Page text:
You may have heard this story. It is about a slave who was abducted from his natural country by slave traders when he was about 16 years old.
I wonder why we are so darned sentimental.
As I walked around my landscape this weekend, I was really impressed with how my three winter staples -- pansies, violas and Telstar dianthuses -- are enjoying the lengthening days and a little bit of warmer weather.
What does a warm, early-spring weekend and home gardeners itching to get out and plant something add up to? You're correct if you answered all kinds of plants ready to go on the racks at your local garden center.
They say you know you are growing old when you find yourself saying that young people are not having fun the way you and your contemporaries did when you were young.
Mother Teresa said it best, "If we have no peace, it is because we have forgotten that we belong to each other."
Listening to the raindrops beat against the old glass panes brings back my favorite rainy day memories.
As gardeners across the state are starting spring planting, I want to urge everyone to consider the plants selected as Mississippi Medallion winners for 2016: Serenita Angelonia, muscadine, rosemary, Drift roses and Cherokee Purple tomato.
While this space is usually reserved for my trips down memory lane with Mama, my childhood antics on the Dykes Chapel Road, the latest lipstick rage from New York City's red carpets, or the amazing china pattern I found at the thrift store, today I am wading into a river in which I have not swum before -- politics.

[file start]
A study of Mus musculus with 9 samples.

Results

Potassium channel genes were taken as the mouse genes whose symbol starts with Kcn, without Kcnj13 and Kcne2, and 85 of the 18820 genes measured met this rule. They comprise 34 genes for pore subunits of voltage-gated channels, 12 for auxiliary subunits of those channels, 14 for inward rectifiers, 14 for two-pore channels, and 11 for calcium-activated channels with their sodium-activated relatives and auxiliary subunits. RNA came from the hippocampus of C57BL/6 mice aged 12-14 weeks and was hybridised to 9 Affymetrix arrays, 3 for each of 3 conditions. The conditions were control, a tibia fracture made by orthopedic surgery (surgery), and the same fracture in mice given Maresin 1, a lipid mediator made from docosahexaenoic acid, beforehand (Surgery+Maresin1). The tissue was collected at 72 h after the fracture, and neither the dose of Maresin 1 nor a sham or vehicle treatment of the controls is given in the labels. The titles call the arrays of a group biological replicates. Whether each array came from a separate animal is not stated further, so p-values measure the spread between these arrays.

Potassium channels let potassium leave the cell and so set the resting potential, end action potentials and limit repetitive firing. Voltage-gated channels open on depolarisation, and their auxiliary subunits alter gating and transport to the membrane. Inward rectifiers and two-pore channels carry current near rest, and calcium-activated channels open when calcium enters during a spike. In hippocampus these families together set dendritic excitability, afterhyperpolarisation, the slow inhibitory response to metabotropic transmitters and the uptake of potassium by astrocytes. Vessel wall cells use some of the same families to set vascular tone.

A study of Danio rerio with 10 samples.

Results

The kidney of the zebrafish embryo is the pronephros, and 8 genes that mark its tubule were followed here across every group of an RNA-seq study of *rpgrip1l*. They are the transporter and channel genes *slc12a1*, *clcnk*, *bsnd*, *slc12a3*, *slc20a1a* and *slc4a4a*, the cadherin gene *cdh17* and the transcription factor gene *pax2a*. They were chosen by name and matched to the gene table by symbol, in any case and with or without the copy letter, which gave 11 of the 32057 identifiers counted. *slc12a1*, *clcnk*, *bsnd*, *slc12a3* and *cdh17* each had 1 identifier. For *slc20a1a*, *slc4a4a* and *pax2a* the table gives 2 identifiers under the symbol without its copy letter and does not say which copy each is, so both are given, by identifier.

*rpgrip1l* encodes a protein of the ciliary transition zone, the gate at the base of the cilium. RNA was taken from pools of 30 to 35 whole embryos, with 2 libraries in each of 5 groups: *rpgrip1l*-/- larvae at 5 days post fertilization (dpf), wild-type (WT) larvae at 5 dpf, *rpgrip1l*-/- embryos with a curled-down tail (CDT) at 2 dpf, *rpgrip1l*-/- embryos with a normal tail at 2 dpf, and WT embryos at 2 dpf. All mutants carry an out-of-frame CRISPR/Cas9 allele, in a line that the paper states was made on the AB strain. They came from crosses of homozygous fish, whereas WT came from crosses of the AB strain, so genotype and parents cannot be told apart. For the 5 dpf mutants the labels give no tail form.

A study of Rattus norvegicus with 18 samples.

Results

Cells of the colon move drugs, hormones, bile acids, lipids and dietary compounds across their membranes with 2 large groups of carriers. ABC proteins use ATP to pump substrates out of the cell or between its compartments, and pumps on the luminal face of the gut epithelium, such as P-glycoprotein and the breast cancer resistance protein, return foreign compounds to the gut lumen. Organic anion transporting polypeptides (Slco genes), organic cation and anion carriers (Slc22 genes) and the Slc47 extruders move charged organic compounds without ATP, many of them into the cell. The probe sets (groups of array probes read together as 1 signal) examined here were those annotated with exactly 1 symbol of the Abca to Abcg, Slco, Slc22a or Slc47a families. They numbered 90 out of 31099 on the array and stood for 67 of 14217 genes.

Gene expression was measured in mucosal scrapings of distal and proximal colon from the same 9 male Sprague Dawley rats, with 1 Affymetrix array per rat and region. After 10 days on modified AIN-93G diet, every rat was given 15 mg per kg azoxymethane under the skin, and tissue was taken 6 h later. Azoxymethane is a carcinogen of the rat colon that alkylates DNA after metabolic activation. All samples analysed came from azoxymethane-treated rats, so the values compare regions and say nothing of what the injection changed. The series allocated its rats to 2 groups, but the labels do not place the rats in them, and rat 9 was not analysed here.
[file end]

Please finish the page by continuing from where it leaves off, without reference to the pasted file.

When handsome young bachelor Salem Gibson readily agreed to be interviewed for my Valentine column, I thought I was going to get some real advice on attractiveness between the sexes, something like, "A girl chases a boy like the cheese chases the mouse."
With extremely warm weather in the fall and so far this winter, many of our flowering landscape plants are really confused.
It doesn't get better than a good devil's food cake made from scratch, with milk chocolate buttercream frosting, the kind my granny made and most likely passed down from her granny, too.
Every gardener I know is asking the same question: When's spring going to get here? No doubt we are getting close.
Somewhere along the way I seem to have developed a fondness for Professor Henry Higgins of "My Fair Lady" fame.
I remember as a little boy hiding underneath the mahogany dining table, holding my knees in my hands for no reason except that I could.
One of the grandest and maybe gaudiest garden and landscape shows is the blooming of the Southern indica azaleas.
Old houses make my heart beat fast -- the chipping paint and aged patina of a 100-year-old fašade and the view from weathered windows looking out through giant oaks toward the river.
Just as it seems I'm finally settling into the winter color season and noticing how good all the pansies and violas are looking, it's time to start planning for spring.
I was first introduced to Monopoly from the swivel bar stools of my family's kitchen, and it was there on Mama's yellow Formica bar that I learned about making deals, taking chances, and how one never wants to go directly to jail.
By this time Christmas is long gone. Even Epiphany.